Tuberculosis (TB) may affect up to 1.3 billion people because of lack of determination to stop the spread among various countries of the world.
The World Health Organisation (WHO) said that a quarter of the world’s population are at risk of developing TB during their lifetime.
According to WHO, countries are not doing enough to end tuberculosis (TB) by 2030 in spite of global efforts that averted about 54 million TB deaths since 2000.
WHO, at the release of the latest Global Tuberculosis Report, said TB is “the world’s deadliest infectious disease”, noting, however, that fewer people fell ill and died from tuberculosis in 2017.
Globally, an estimated 10 million people developed TB in 2017 while the number of new cases is falling by two per cent per year.
The deadly disease, which usually infects the lungs and is transmitted through the air, remains one of the top 10 causes of worldwide deaths, and is the leading cause of death from a single infectious agent, above HIV/AIDS.
The WHO report provided an overview of status of the epidemic and the challenges and opportunities countries face in responding to it.
Overall, TB deaths have decreased over the past year, and in 2017, there were 1.6 million deaths – including among 300,000 HIV-positive people.
Of the 10 million people who fell ill with TB in 2017, only 6.4 million were officially recorded by national reporting systems, leaving 3.6 million people undiagnosed, or detected but not reported.
According to WHO, 10 countries accounted for 80 per cent of this gap, with India, Indonesia and Nigeria topping the list.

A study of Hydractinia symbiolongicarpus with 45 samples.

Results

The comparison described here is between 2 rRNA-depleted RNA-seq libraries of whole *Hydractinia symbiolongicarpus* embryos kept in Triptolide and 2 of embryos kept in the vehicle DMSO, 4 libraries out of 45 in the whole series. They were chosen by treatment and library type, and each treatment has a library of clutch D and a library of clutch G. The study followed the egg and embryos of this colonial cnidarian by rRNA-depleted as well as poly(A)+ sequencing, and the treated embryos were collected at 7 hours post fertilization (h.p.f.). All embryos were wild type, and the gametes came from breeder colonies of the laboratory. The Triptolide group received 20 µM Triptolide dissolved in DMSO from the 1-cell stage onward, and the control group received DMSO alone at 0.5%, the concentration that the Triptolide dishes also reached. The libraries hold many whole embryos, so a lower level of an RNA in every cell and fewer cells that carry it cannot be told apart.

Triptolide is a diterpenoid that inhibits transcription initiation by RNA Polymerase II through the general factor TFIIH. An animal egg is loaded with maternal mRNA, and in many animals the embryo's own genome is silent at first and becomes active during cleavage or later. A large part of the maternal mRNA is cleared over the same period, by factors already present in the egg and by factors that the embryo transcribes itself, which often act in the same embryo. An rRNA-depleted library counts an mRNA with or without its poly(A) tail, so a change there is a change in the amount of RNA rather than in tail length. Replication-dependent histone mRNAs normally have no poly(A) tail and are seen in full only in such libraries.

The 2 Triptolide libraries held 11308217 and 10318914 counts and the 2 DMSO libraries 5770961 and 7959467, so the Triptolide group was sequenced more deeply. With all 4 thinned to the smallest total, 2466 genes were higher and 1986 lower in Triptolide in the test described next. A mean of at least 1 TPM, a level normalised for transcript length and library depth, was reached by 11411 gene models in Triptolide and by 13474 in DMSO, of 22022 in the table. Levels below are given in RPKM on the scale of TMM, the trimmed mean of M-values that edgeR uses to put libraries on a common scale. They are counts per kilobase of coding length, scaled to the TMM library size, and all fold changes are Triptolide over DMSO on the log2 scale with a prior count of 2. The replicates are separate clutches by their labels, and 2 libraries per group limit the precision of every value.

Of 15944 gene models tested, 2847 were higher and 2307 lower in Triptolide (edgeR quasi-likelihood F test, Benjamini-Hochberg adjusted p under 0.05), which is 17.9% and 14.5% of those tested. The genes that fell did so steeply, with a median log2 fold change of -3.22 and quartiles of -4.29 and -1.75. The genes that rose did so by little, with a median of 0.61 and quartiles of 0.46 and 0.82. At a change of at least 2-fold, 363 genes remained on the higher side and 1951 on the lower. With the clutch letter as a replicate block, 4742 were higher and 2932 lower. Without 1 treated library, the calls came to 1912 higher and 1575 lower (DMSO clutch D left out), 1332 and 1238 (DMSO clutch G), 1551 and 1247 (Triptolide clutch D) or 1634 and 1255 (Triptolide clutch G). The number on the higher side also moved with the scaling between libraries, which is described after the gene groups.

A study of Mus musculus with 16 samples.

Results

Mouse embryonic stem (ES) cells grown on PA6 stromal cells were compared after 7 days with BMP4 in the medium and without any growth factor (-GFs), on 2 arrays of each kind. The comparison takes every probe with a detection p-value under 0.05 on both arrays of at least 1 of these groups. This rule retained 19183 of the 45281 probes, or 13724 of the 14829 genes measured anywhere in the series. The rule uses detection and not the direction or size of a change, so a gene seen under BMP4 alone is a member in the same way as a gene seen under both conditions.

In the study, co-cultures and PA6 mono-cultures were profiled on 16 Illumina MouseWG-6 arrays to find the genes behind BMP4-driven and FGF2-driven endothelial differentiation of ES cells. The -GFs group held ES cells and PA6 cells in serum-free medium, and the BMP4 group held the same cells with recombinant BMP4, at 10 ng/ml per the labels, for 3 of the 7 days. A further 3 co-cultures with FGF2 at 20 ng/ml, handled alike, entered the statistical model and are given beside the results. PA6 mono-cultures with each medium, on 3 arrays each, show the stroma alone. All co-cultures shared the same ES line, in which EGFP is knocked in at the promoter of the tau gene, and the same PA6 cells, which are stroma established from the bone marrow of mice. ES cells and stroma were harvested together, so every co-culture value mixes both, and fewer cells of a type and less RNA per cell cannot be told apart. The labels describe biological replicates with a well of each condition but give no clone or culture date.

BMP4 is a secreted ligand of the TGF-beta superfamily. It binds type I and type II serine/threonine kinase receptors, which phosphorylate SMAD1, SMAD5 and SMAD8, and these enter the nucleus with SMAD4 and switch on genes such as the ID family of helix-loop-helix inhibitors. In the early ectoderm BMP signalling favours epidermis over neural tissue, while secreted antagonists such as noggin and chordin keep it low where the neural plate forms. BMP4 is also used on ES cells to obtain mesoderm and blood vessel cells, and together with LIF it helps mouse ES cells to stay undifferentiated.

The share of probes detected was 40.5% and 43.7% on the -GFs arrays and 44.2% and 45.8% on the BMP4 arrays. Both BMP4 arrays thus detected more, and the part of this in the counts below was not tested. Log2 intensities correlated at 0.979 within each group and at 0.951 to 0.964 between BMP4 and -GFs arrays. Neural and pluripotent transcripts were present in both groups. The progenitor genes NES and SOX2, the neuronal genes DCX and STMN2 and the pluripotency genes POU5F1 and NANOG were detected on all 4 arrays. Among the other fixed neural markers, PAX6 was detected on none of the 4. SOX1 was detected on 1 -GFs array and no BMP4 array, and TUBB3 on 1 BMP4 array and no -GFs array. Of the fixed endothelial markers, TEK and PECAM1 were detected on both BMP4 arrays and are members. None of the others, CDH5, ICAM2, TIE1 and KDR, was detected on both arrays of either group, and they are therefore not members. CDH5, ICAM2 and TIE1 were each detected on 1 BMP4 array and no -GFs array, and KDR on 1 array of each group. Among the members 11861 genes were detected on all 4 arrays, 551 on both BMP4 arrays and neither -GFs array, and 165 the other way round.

Treatment coverage lags behind at 64 per cent and must increase to at least 90 per cent by 2025 to meet the TB targets.
To urgently improve detection, diagnosis and treatment rates, WHO, the Stop TB Partnership and the Global Fund launched the new initiative in 2018, Find. Treat. All. #EndTB.
The initiative set the target of providing quality care to 40 million people with TB from 2018 to 2022.
The WHO’s Report called for an unprecedented mobilisation of national and international commitments.
It urged political leaders gathering next week for the first-ever ‘United Nations High-level Meeting on TB’ to take decisive action, building on recent moves by the leaders of India, the Russian Federation, Rwanda, and South Africa.
“We have never seen such high-level political attention and understanding of what the world needs to do to end TB and drug-resistant TB.
“We must capitalise on this new momentum and act together to end this terrible disease,” said Dr Tedros Ghebreyesus, WHO Director-General.
While under-reporting and under-diagnosis are mentioned as major challenges in the fight against TB, the most urgent stumbling block is funding.
In 2018, investments in TB prevention and care in low- and middle-income countries fell $3.5 billion short, and without an increase, the funding gap would rise to over $6 billion by 2022.
Dr Teresa Kasaeva, Director of the WHO’s Global TB Programme, said: “It is unacceptable that millions lose their lives, and many more suffer daily from this preventable and curable disease.
“We need to join forces to root out this disease that has a devastating social and economic impact on those who are ‘left behind’, whose human rights and dignity are limited, and those who struggle to access care. The time for action is now,” he said.